Reinvesting In Our Downtowns: Newburgh’s Land Bank
By Nadine Lemmon
From Issue 18: Spring 2013
Ten years ago, Gardiner’s “downtown” was a slightly depressing place. Several buildings were vacant and decrepit. There were hints of a former bustling community, but the lack of public and private investment resulted in a village that had a lot of potential, but screamed for “revitalization.” First came the Village Market face lift, then a couple of other private landowners followed with new facades. Before long, the community was enjoying new businesses, residential apartments and spruced-up public spaces like the library and Majestic Park. While much work remains, the seed for the future had been planted by a few courageous souls, and watered by a strong community spirit.
Take a ride down to Newburgh and you’ll see a hollowed-out community that needs a lot more than a few courageous souls. Vacant and abandoned properties, victims of the poor housing market as well as years of disinvestment, have led to tax-delinquency, crime, and a disincentive for anyone to invest anything in the properties they already own. The result has been decreased property values and a drain on the City’s finances, a downward spiral that is a dilemma across the state. Perhaps the hardest hit has been Buffalo; vacant properties covering 15.7% of the city in 2010 and population loss since 1950 in excess of 50%.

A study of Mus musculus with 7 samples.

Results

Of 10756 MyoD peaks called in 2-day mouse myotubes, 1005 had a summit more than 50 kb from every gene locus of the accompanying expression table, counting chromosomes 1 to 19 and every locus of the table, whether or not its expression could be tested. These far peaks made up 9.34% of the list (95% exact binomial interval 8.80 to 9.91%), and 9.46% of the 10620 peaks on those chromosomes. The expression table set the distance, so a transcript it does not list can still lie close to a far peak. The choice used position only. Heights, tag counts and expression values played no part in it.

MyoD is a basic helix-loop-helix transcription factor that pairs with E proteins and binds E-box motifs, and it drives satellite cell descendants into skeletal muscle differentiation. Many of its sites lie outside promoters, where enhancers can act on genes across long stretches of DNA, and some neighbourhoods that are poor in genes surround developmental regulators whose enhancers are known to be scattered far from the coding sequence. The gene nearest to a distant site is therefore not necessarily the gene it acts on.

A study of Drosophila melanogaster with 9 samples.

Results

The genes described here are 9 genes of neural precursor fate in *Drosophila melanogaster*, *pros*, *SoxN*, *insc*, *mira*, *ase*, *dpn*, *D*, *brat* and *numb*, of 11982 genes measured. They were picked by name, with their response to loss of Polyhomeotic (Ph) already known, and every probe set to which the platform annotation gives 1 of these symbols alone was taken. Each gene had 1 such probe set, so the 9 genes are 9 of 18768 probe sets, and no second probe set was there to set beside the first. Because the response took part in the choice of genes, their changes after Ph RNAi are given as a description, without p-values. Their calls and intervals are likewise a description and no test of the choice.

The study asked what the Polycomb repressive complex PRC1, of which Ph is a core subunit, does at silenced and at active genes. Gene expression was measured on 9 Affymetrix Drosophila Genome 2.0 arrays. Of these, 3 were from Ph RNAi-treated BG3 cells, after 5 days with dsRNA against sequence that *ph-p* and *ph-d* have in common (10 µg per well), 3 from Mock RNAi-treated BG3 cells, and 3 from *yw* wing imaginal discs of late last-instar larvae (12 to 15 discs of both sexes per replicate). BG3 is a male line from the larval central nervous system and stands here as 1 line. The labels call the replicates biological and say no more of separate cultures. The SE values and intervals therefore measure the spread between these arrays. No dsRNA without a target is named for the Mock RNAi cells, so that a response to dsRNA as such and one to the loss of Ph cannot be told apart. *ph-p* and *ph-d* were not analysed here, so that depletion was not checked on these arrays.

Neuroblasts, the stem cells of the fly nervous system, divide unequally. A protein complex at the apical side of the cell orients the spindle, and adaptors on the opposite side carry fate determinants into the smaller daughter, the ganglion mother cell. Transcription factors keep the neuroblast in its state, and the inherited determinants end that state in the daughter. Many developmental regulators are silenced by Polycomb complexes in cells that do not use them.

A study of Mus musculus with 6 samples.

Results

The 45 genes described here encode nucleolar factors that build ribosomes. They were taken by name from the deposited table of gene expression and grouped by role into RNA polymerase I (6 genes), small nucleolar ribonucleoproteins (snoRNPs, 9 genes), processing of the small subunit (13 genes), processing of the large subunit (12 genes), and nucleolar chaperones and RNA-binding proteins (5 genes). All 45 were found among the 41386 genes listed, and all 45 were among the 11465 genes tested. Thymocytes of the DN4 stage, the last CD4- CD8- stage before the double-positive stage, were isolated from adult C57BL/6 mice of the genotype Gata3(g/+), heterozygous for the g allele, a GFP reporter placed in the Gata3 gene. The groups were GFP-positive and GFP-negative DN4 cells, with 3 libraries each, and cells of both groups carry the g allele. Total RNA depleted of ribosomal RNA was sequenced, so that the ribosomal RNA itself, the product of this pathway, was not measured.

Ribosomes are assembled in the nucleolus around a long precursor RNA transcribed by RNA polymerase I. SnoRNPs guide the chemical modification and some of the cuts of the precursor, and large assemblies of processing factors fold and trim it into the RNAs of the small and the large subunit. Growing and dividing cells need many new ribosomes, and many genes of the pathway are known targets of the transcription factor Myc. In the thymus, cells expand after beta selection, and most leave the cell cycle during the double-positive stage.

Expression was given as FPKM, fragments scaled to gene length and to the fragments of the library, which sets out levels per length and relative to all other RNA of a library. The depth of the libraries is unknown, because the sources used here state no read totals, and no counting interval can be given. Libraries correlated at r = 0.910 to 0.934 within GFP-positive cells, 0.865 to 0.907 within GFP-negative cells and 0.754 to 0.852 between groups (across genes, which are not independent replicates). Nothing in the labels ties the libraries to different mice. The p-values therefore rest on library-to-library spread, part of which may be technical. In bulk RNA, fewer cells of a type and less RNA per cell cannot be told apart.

In 2011, New York State gave communities like Newburgh and Buffalo a new tool—the Land Banks Act, which will enable 10 communities to start a nonprofit “Land Bank,” with the right to purchase city-owned parcels for as low as $1, then clear titles of back taxes (which can often exceed the value of the property), renovate (or tear down if beyond repair), and sell. The goal is to get properties back on the tax rolls and into productive use, and to encourage spill-over private investment for adjacent properties and the community. Newburgh was the first of five municipalities to set up a land bank, and they’re well on their way. The current plan is to tackle about 50 properties.
Like Gardiner, the city has great potential— right on the river, with beautiful old buildings, a walkable downtown and strong employment opportunities through SUNY Orange, Mount Saint Mary College, and St. Luke’s Hospital. However, at the moment, Newburgh is a city that is still in the potential phase. For more info, visit www.newburghcommunitylandbank.org.